In the nether regions of Bushwick, Brooklyn, located underneath an elevated subway track, there lies a strip of secure storage lockers. These lockers function, depending on the tenants, as bodegas, taco stands, cellphone stores or, if the tenant is Where, an experimental exhibition space run by first-year Yale PhD student Lucy Hunter and the artist R. Lyon. Currently presenting Where 2, a project that pays homage to Douglas Gordon’s 24 Hour Psycho (1993), Hunter and Lyon have yet to figure out what Where wants to be exactly: a critically lauded gallery in the hippest of hipster neighbourhoods? Definitely. A platform upon which overly educated participants can flex otherwise useless critical-theory muscles? Inadvertently. A gallery space that explores new modes of spectatorship by publishing a blog and video previews concurrently with exhibitions? Perhaps not as new as they’d like to think.
One thing is for certain, Where 2, which was curated by the young impresario A.E. Benenson, will stop most people in their tracks. The project consists of a flatscreen television that plays Alfred Hitchcock’s Psycho (1960); the light from the film fills the barren streets outside with an otherworldly flickering during the twilight hour, which is when it runs, 6.30 – 8.15pm daily. A press release taped to the locked glass entrance invites spectators to stream live footage of the screening – that is, themselves captured and broadcast by a webcam on site – on their smartphones via the gallery’s Tumblr page. This footage is relayed at a lethargic rate of only two frames per second, however, a speed prescribed by Gordon’s original video piece, which stretched Hitchcock’s film to 24 hours.
Both Gordon’s piece and its interpretation by Benenson force Psycho to produce new meaning within the context of the artworld
Both Gordon’s piece and its interpretation by Benenson force Psycho to produce new meaning within the context of the artworld. In Gordon’s case, this meaning has to do with questions of authorship and temporality: by slowing down the projection, Gordon tests his audience’s patience, but also liberates the film from the realm of both narrative and entertainment. In Benenson’s case, the question asked is whether or not authorship even matters. But what’s more interesting is the title Benenson gives himself. Even though he spent over 60 hours learning the coding necessary to create the feedback loop, Benenson calls himself a curator, not an artist, the latter being, of course, what Gordon was called for the exact same process of pirating an original and reformatting it. The strongest statement Where 2 makes, then, is that, within today’s artworld, being a curator, or at least calling oneself that, carries more weight than being an artist.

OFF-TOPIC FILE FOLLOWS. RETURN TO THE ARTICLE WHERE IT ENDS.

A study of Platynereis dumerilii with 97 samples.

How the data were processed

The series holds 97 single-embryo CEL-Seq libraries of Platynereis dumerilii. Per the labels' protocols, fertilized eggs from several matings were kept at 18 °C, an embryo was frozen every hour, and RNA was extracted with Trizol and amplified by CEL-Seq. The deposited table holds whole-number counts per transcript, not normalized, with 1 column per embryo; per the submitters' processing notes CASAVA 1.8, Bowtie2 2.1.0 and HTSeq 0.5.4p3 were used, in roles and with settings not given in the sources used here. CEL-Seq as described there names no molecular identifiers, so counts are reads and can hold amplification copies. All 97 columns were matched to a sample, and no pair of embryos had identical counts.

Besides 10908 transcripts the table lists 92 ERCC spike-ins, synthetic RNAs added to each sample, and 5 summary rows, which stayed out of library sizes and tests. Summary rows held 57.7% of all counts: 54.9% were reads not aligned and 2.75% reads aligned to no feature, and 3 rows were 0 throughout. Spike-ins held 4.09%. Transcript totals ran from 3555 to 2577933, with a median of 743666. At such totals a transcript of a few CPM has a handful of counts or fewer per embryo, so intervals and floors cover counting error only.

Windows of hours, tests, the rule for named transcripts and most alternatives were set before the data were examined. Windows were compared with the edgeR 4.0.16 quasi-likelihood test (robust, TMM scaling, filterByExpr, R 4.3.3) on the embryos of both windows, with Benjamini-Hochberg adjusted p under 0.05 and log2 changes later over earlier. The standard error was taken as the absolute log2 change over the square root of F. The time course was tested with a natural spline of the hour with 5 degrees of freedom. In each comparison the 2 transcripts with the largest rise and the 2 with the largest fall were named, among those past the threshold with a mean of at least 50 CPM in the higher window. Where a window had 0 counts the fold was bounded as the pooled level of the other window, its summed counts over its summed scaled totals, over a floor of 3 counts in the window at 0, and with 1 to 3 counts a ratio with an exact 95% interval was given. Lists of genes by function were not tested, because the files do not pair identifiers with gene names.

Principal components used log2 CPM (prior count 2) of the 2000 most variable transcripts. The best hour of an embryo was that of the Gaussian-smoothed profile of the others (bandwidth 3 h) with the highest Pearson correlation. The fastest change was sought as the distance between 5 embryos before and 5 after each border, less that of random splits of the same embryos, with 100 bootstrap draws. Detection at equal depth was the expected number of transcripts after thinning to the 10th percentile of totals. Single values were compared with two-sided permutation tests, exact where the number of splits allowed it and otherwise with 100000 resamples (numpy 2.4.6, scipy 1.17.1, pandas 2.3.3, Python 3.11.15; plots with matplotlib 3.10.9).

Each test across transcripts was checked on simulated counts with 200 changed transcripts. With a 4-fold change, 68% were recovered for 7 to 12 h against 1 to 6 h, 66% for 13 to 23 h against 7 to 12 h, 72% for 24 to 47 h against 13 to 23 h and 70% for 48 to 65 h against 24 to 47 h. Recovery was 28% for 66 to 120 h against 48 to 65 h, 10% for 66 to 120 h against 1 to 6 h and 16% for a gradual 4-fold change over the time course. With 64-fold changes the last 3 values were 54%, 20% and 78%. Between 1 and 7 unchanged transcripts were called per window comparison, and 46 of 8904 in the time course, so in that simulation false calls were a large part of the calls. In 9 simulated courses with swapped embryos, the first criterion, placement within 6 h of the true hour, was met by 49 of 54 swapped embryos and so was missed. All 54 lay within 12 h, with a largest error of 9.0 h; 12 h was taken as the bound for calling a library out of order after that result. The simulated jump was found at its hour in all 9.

Where 3, the next exhibition slated for the space, will purportedly take this question to the next level by exploring what it would mean for a gallery to represent curators. Whether or not this is prescient of the future, or just another feedback loop for a group of young graduate students pondering their place within the artworld, remains to be seen. Suffice it to say that the curator is dead. Long live the curator.
This article was originally published in the March 2014 issue.